The Government’s Return to Work protocol is a “complete and utter mess” with no clarity on whether companies can ask workers if they have been vaccinated.
On Lunchtime Live this afternoon, employment lawyer Richard Grogan warned that, without clear Government guidelines on vaccination in the workplace, many companies could find themselves facing litigation when they try to bring people back to work.
Meanwhile, the Health and Safety Authority (HSA) has warned that unvaccinated workers must be kept two metres apart.
However, the Data Protection Commissioner (DPC) has warned that companies can’t ask workers about the vaccination status and human rights lawyers have warned that people can’t be excluded from work based on their status.
“The Government is going to have to clarify this next week,” said Mr Grogan. “What can and what can’t be asked.”
“The Return-to-Work protocol which was brought out by the Tánaiste earlier on this year effectively says you can ask and then you carry out a risk assessment. Two weeks after he issued that, the DPC says you can’t ask.
Work Safely Protocol
So, we have a Return-to-Work protocol that says you ask for the purposes of a risk assessment and we have the DPC saying you can’t ask.
“So, it is a complete and utter mess. Employment lawyers, Health and Safety and GDPR professionals, we are all going around pulling our hair out because people are saying what do I do and we are saying well I wish I could tell you in some way definitively but what we’re saying today could be changed tomorrow.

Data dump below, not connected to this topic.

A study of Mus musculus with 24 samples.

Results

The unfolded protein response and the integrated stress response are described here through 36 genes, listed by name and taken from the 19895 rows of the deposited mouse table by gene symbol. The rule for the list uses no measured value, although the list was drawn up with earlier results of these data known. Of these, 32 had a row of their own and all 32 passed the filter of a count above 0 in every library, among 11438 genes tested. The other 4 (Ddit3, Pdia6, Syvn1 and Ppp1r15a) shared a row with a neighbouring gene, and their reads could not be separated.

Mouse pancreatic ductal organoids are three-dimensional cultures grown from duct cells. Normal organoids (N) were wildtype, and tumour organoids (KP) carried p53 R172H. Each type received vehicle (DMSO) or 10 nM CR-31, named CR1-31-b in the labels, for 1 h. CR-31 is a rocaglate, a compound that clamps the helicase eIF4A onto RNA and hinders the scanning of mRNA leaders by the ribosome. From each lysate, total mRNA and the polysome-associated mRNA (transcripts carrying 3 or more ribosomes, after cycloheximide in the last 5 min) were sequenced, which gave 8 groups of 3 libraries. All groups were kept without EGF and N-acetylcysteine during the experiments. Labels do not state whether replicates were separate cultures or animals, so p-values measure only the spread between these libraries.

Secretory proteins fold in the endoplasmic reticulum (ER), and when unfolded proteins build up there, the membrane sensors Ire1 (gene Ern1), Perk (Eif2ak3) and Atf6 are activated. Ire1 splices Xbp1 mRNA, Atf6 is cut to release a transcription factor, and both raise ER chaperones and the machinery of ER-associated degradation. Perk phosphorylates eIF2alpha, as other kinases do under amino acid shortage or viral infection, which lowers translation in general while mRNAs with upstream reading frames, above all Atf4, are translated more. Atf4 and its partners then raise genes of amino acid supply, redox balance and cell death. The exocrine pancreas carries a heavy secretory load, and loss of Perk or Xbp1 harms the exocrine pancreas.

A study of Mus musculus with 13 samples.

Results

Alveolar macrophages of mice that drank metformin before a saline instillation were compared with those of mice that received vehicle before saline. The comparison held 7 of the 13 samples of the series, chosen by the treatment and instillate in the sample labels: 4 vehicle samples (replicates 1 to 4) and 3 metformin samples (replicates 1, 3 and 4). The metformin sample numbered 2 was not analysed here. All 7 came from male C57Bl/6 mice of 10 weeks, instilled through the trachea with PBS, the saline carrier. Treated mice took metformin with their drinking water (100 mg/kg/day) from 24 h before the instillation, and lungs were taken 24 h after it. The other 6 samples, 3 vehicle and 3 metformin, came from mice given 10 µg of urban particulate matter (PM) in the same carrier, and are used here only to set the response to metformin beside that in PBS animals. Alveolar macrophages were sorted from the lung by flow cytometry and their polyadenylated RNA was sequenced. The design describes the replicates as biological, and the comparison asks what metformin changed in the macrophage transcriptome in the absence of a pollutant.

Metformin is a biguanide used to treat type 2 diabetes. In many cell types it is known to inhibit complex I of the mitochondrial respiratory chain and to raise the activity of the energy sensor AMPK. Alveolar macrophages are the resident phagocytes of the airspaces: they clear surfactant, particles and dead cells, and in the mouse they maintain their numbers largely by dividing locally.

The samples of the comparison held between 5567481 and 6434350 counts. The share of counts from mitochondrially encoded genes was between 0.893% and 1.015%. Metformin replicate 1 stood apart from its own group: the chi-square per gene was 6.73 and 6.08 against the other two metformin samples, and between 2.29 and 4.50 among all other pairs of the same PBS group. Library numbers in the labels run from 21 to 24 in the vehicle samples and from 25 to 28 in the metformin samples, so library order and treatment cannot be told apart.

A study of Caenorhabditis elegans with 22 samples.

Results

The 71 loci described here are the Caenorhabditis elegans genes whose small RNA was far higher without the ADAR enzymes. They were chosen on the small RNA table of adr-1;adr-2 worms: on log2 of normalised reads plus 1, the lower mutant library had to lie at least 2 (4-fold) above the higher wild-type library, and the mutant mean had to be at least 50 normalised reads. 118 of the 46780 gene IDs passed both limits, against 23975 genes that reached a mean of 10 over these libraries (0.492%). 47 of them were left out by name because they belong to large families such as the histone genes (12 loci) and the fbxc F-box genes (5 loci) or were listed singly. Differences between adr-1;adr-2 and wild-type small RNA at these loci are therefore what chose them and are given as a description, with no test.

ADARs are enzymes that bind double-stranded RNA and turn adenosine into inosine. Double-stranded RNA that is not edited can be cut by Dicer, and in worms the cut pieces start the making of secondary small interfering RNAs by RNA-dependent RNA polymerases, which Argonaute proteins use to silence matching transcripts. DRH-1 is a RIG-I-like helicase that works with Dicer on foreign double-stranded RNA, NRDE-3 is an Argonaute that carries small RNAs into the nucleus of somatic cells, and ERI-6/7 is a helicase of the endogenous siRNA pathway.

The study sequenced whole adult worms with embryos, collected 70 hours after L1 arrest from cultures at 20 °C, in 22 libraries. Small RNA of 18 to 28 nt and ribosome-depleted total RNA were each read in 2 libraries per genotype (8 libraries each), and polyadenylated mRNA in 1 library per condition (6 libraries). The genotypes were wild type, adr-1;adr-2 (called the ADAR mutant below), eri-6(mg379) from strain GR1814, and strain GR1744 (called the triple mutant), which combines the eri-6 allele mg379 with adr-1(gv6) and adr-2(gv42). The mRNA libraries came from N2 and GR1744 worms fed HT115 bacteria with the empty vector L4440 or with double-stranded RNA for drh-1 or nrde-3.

“We are being told now it is likely to be personal responsibility which some of us are reading as, they are going to take the regulations away and it is going to be a bit of a free for all.”
He said he is now skeptical aver whether next week’s roadmap for reopening will include anything more than “a fudge” when it comes to vaccination in the workplace.
“The alternative would be that we get a Pontius Pilot system which in other words is, I am washing my hands of it and there it is. They'll get rid of regulations and say it is only just general advice, not even guidance and it is over the employers and employees; a bit of a free-for-all - and that is worrying,” he said.
“That is a complete mess. We just can’t have this. It is buck-passing. An Irish solution to an Irish problem; it is not my problem; it is someone else’s problem.
“We have to have clarity next Tuesday.”